Freshman 15....Sophomore 30


We are all warned before coming to college about gaining freshman 15! Many of us doubt that it happens to us but it's inevitable that we all gain weight. Soon after our amazing first year experiences, we are all relieved when freshman year has come and gone and we have the following summer to get it tight and get it right. But returning sophomore, are you really safe from gaining weight again? Watching what you eat, working out and going on strict diets are all options when trying to keep the weight off but will that really work?

There is research to suggest that are eating habits are not the only thing that contribute to the weight gain in college. Many studies suggest that it has to do with the amount of sleep an individual gets at night. There is a strong correlation that those who are sleep deprived and overeating. As college students, some of us are productive during the day while many others are most productive at night. For those of us who do much of our work at night, we are more at  risk for gaining more weight.

 A study conducted at the University of Wisconsin has found that sleep deprivation play a role in late night snack binges. Consider this, our body being to slowly shut down at night and prepare for a night's sleep. So what is being done internally to keep us from falling asleep in our books? Since the brain requires more energy and production of chemicals to keep our body going, it coordinates with other parts of the body to get it done. To really get a full understanding of the way this works, the researchers at the University of Wisconsin have used rats as their subject in an experiment and this study found that the "rat brain scans in the study revealed sleep deprivation was a likely cause of the over-expression of opioid peptides, particles which can lead to an experience of intense pleasure." What dies that mean in simple terms and in reference this blog, that intense pleasure is the needs of snacks and other foods. 

So as we continue to embark on our journey here at Penn State, let's take this information and 1. not try to study at night and 2. not overdose on junk food at the late hour because the goal is to always keep it tight. 


Being a freshmen, I can already tell the freshmen 15 is real... sadly. I am a person that likes to stay up late and do homework. But I find myself eating while study at those late hours. I never thought about why it is bad for you to eat late at night. The point that your body is shutting down makes sense now though. But maybe if the snacks weren't bad, such as fruit, it wouldn' t be as bad for you? I researched some to find some good snacks that won't be as fatty and unhealthy for a person. It would be hard I think to stop having those junk food late night snacks. Over time though, you can try to cut them out to avoid that freshmen 15 or sophomore 30, if you really want too. Here is a link to the snacks:
I might try them!

This post really caught my attention for many reasons. Obviously none of us want to gain the extra weight that everyone says you'll gain. Students will try anything to keep the weight off. Between eating healthy and going to the gym, those are two ways to ensure you'll be healthy, but I think a lot of times we overlook something as simple as sleeping. That reasoning definitely makes sense though and we all know that our sleeping routines definitely struggle as we transition into college. Sometimes it's hard to make sure we get the recommended 8 hours a night. The link below has the top 10 ways to avoid gaining that unwanted weight, check it out if trying to sleep more isn't working out!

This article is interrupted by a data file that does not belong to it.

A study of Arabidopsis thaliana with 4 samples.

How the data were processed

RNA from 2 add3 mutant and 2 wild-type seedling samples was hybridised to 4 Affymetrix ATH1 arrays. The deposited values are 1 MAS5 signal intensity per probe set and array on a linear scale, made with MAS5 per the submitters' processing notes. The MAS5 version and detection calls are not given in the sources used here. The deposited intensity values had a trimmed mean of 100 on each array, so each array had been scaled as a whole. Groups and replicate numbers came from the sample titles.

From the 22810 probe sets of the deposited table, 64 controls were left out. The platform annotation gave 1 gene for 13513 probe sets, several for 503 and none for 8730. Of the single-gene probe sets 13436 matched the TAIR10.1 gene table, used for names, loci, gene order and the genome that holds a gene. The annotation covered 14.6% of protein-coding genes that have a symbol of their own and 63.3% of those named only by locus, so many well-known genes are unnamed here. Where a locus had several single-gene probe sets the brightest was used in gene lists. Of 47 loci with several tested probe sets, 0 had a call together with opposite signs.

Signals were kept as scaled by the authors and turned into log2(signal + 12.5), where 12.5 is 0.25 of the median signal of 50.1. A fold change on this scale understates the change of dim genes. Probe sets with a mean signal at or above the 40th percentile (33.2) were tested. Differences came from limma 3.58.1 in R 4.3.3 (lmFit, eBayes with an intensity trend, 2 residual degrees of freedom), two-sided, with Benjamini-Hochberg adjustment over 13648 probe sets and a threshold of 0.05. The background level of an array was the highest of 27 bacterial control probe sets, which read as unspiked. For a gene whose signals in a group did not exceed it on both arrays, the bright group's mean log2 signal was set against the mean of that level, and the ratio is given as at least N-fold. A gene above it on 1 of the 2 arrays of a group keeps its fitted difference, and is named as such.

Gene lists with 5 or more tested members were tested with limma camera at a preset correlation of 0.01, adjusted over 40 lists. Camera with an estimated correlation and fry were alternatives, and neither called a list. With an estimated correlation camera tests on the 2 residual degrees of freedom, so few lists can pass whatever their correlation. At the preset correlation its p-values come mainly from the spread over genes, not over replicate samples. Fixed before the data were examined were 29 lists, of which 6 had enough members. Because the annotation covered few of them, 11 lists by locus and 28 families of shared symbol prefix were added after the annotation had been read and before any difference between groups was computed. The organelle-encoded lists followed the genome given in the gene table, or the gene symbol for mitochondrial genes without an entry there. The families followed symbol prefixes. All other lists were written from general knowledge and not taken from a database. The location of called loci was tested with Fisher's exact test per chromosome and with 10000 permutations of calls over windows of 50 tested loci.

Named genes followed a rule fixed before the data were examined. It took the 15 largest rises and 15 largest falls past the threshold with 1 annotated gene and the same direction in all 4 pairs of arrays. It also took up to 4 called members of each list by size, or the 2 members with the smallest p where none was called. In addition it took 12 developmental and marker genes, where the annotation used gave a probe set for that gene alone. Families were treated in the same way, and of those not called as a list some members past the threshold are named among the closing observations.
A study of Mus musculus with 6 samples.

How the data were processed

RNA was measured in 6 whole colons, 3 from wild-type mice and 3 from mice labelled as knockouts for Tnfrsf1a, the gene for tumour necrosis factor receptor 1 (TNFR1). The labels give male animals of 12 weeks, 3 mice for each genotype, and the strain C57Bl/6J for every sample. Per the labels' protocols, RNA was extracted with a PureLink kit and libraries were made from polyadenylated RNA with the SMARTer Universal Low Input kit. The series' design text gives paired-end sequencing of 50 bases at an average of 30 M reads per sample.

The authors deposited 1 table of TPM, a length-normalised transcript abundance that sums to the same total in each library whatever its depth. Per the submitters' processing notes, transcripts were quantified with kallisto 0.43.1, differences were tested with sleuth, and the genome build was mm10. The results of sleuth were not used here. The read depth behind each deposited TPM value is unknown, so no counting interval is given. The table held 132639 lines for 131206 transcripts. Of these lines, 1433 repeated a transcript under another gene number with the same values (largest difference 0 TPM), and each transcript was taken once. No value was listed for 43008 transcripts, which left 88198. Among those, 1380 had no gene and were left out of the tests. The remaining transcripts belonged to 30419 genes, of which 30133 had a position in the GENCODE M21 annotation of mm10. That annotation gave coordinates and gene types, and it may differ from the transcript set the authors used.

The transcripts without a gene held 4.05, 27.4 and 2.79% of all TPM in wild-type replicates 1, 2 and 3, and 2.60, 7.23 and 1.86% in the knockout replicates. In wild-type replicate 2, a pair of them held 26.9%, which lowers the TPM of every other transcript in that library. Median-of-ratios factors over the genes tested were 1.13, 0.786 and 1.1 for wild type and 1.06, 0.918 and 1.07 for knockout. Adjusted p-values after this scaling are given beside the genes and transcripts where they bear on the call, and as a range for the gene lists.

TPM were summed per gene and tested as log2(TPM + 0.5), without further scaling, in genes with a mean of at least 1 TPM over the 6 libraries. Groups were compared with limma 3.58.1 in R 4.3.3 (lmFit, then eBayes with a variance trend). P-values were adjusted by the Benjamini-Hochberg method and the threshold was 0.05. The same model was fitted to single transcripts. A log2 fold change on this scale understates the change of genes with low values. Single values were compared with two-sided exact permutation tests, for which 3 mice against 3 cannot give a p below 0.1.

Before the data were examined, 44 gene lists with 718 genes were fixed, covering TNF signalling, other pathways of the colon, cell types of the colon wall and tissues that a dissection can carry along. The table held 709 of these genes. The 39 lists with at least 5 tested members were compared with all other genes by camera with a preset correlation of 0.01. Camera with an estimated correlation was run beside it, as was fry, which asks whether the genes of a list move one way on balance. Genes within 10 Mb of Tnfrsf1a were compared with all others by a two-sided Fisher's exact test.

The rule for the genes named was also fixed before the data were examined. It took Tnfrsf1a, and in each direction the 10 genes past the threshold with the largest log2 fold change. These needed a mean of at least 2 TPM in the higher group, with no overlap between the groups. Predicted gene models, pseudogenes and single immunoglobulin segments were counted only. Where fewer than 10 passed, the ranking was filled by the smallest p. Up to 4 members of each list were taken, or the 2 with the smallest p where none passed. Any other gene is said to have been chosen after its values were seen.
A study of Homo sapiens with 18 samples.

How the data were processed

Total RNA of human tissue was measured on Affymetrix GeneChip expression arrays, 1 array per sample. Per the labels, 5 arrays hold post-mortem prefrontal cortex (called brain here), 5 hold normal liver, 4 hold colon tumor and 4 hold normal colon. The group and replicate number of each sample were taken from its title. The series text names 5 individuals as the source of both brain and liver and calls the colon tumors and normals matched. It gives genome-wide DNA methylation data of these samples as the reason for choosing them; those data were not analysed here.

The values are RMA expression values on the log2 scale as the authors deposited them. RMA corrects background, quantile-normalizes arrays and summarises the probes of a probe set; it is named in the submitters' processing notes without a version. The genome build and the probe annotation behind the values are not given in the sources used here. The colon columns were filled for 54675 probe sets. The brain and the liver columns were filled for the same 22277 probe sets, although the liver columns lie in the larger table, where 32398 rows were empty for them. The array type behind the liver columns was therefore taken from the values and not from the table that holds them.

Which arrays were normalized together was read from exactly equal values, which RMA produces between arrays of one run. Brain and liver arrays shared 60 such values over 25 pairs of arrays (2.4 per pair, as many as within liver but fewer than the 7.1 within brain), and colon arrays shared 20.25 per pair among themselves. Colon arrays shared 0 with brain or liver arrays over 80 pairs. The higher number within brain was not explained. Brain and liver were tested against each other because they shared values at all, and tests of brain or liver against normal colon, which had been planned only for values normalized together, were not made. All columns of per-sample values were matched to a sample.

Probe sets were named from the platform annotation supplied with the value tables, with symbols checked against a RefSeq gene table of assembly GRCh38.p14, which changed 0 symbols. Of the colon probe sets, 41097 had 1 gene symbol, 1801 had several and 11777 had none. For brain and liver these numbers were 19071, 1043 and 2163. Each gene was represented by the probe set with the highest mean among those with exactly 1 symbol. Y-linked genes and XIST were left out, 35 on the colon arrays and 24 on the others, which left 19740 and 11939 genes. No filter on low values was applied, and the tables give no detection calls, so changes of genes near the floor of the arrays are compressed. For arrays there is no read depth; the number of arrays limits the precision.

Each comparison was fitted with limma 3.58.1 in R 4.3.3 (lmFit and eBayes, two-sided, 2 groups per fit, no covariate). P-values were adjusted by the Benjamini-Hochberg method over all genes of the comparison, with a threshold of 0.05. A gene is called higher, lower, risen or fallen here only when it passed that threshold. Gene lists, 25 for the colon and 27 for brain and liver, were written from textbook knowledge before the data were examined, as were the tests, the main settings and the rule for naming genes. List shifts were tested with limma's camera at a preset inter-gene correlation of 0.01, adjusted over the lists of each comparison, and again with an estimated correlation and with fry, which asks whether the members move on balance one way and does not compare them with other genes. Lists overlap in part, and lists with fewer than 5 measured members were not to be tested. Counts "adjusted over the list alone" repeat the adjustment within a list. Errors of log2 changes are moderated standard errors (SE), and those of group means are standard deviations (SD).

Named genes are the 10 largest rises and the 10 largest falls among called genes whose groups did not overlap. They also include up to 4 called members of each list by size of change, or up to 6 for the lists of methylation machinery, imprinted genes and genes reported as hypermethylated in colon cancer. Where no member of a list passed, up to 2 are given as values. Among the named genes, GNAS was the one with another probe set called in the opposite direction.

Being a freshman here, I definitely don't want to gain the freshman fifteen. I am trying to avoid that at all costs like everyone else. This post made me rethink my working habits. I usually do my work at night, and after reading this post, I realize I do tend to snack while working. I do not get enough sleep at night, either. Clearly, I have picked up some very bad habits since being at college. The article below states that about 70 percent of college students gain the dreadful weight. It also recommends five ways that will help stay away from the unwanted weight gain. Feel free to read the article.

As a sophomore, I can say that I mostly avoided the freshman fifteen. But it was tough. I completely understand how the weight can be gained though. The food is sub par and with the workload, it's hard to find time to exercise, which is obviously a recipe for disaster. I kept it off by seriously watching what I ate in the cafe and making time to exercise.

This year, with an apartment, it's still a difficult feat. While it's easier to make smarter food choices, it's more difficult to find the time for exercise. It's also disheartening to now know that the ball is not entirely in my court, considering I am one to stay up to finish all my work.

Keeping off the weight is definitely doable with determination and discipline. (totally agree with your meme, though)

I can successfully say I avoided the freshman 15 last year! I was so proud and felt like I had done the impossible. I thought I was safe for good. However, as a current sophomore, I am starting to see how I might be worse off than I was last year. I live in an apartment downtown and, although I make healthier choices throughout the day, I have found less open time to go to the gym. Last year, I worked out just about every day. This year, however, I can hardly find time in my busy schedule to go to the gym more than three times a week!
This drives me crazy! I found a story of a sophomore in college who suffered a similar problem and basically lost control. I attached the site below, read his story! I refuse to let this happen to me!